Falling bombs and the rise of a nation: The props turn
A little while ago I announced a series I would do about the bombing of Darwin, Australia. I've done three posts so far and it's time for part four. You can find the other three by following the links part one, part two and part three here.
Darwin, Australia - Early hours 19th February 1942
The pilot flashed the navigation lights of his scout plane, noted the corresponding flashing torchlight from the ground, performed a lazy circle of the harbour noting the position of the warships below, and headed back out to sea. The spy on the ground has done his job.
Down below, aboard the troopship Zealandia, Third Officer Charles Stewart stood anchor-watch. He noted the Japanese reconnaissance plane, the obvious communication with someone on the ground and decided to log it but not disturb the Captain until morning.
Japanese aircraft carrier Akagi
The mechanical crews had been running-up the engines since 0500, arming and positioning the attack planes on deck for takeoff. Now, a few hours later, Flight Commander Fuchida (as mentioned in part two) inspected his plane, tail code 301, noting his 500 pound bomb complete with fuse were in place.
Satisfied, he headed over to Lt. Commander Itaya, the leader of the 36 Zero fighters that would escort the bombers, and received the message they were prepared.
Fuchida already knew the dive bombers were ready to launch from aboard the carrier Soryu and so with a last glance at the weather report over Darwin, scattered cloud but good visibility, he moved back towards his command-bomber even as the loud speakers boomed "All HANDS TO LAUNCHING STATIONS!" src
The Zeros launched first heading upwards to patrol the 360 degrees of sky around the carrier group to protect the high-level bombers as they launched. It took 20 minutes to get all of the bombers airborne and for them to form up into their flight-formation, all done silently as a strict radio-silence-protocol was being maintained by the Japanese.
The time was 0845 and as Fuchida brought the attack-force to a bearing of 148 degrees he knew he would be over his target in just over one hour: Darwin, Australia.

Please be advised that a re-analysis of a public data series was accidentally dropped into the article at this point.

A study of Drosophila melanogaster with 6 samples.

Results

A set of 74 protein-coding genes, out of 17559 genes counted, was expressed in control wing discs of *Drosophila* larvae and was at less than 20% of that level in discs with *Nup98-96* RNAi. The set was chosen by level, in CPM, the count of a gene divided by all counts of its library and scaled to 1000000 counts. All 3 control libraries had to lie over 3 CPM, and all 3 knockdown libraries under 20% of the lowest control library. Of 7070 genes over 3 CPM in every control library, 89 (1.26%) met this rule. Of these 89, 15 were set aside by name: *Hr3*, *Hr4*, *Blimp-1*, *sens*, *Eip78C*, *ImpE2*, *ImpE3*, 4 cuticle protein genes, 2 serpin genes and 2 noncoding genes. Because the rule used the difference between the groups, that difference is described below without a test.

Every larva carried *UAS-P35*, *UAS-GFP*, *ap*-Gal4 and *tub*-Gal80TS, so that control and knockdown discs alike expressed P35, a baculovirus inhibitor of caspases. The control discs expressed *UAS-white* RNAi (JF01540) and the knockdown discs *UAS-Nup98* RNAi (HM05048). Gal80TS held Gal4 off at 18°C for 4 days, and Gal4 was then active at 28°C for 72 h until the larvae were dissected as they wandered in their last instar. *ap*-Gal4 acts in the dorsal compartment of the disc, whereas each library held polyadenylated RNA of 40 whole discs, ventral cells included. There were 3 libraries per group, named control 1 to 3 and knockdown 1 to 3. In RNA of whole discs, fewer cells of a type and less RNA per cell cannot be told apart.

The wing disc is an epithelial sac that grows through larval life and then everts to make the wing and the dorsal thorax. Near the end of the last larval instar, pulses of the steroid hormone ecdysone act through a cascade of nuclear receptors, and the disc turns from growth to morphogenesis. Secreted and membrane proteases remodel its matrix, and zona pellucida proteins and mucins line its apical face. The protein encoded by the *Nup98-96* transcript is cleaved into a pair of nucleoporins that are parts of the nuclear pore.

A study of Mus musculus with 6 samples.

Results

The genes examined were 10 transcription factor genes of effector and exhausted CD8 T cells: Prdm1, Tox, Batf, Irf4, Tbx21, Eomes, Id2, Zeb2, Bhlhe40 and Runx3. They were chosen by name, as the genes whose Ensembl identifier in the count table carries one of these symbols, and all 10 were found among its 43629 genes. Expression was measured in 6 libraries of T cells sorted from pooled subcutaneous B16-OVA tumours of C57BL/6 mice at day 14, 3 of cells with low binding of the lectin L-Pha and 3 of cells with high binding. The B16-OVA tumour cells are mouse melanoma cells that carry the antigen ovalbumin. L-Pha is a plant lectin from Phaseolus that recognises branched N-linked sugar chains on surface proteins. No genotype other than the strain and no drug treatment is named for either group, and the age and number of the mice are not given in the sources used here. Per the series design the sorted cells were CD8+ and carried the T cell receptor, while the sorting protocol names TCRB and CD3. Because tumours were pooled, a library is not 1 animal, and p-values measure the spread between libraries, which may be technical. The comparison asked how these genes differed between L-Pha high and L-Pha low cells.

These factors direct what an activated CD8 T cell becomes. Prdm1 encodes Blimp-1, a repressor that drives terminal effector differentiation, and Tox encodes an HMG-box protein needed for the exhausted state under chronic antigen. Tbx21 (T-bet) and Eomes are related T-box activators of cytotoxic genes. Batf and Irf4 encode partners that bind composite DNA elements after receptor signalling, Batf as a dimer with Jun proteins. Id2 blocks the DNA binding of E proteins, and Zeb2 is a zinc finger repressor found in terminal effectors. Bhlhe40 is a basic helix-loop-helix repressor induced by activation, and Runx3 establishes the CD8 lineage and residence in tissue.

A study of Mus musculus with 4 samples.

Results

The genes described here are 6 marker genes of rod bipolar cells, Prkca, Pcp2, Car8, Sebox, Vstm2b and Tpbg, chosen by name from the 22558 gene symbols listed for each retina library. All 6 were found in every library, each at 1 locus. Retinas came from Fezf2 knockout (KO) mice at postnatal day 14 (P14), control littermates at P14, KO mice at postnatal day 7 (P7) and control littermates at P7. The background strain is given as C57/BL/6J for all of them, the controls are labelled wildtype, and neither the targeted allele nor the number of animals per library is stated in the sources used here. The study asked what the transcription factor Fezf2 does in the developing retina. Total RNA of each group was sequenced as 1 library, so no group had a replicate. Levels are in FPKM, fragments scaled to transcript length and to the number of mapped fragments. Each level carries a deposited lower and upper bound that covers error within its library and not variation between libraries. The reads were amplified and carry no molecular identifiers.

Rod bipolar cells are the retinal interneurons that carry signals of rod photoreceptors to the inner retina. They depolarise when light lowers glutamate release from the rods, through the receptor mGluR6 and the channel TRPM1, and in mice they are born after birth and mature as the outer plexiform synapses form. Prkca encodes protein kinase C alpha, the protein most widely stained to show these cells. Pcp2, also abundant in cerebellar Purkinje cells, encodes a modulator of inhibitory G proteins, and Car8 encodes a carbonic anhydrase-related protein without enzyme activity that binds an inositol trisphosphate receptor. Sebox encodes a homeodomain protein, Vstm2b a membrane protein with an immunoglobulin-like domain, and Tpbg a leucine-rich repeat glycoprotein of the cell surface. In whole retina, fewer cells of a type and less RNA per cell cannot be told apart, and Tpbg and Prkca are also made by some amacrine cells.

Tiwi Islands mission
Father John McGrath and a local man spot the flight of Japanese planes at high altitude and they rushed to call it in.
"Eight SE to VID. Big flight planes overhead. Going south. Very high. Over."
"Eight SE from VID. Message received. Stand by." Lou Curnock, the VID duty officer replied. It was 0935.
History would note that Lou's log showed an entry at 0937 reading simply: Phoned R.A.A.F Operations 0937. (R.A.A.F stands for Royal Australian Air Force).
Protocol for Lou at Operations was to pass the message to Area Combined Headquarters, then the Navy, the Army and finally the air-raid-siren wardens.
But there were no sirens on this day.
Casuarina beach, 19th machine-gun battery
Radio exchange - Sergeant Bill McDonald to Captain Brown, 23rd Brigade HQ:
"Sir, there is a large formation of Japanese planes crossing the coastline right above my head."
"Mac, I'm busy, how do you know they're Japanese?" Captain Brown replied a little testily.
"Because they've got BLOODY GREAT RED SPOTS ON 'EM SIR!"
20 miles inland over the Mary River
After crossing the coast above the 19th machine-gun battery and flying 20 miles inland Fuchida's attack group performed a 180 degree turn to approach Darwin from the South-East, with the sun behind them - A classic back-door attack.
One of Japan's tactics of the day was to use a much larger force than was required to perform the task. It reduced the margin for error, boosted morale amongst the pilots and crews and struck fear into the enemy...The attack force approached confident that their attack would be a surprise and a success.
They were right.
Ten American P40 Kittyhawk fighters on escort duty
They took off from Darwin around 0915 to escort a convoy of ships to Timor. Due to very low cloud the escort was called off and the flight turned for Darwin, splitting into two flights on the way back, A and B flights one at high altitude and one at low.
At 0937, the same time Fuchida's attack force was flying inland, nine Zeros, fresh from downing a hapless Catalina flying boat, came across the P40's and attacked from above.
Lt. Robert Oestreicher was in command of the flight of P40's:
"I was able to get a small burst into one Zero who rolled in his climb and shot me. I spun out, regained control at 4,000 feet and climbed again to 12,000. That was when I encountered another eight enemy planes at 20,000 feet circling like hawks. I then called over the radio for the others to head for the clouds five miles south of Darwin which were at an altitude of 2,500 feet but no one responded."
Oestreicher was alone in the air, except for the Zeros which were in an attack frenzy. The rest of B-flight was dead or ditched into the ocean after a brutal dogfight that only took minutes.
Jack Peres, the first pilot to be killed in combat over Australia, crashed at Gunn Point. His plane was found many years later and the tail section showing his tail number 189 now sits in the Darwin Aviation Museum.
That was the first dogfight above Darwin, one in which the enemy reigned supreme. I have purposely shortened it as I may cover it a bit later but wanted to mention Lt. Robert Oestreicher and his P40 Kittyhawk called Miss Nadine. I may expand upon the dogfight and this pilot later on.
All the players were in place now, the Japanese attack force was preparing it's bombing run and the people of Darwin, unsuspecting of the attack, went about their day...
...Remember Duty Officer Lou Curnock at VID station? He received the radio communication from the Tiwi Islands...He was still at VID station receiving messages and he now logged the time as 0958. It was almost 10am and the bombing of Darwin was about to begin.
The day was 19th February 1942, the day Australia would be bombed for the first time.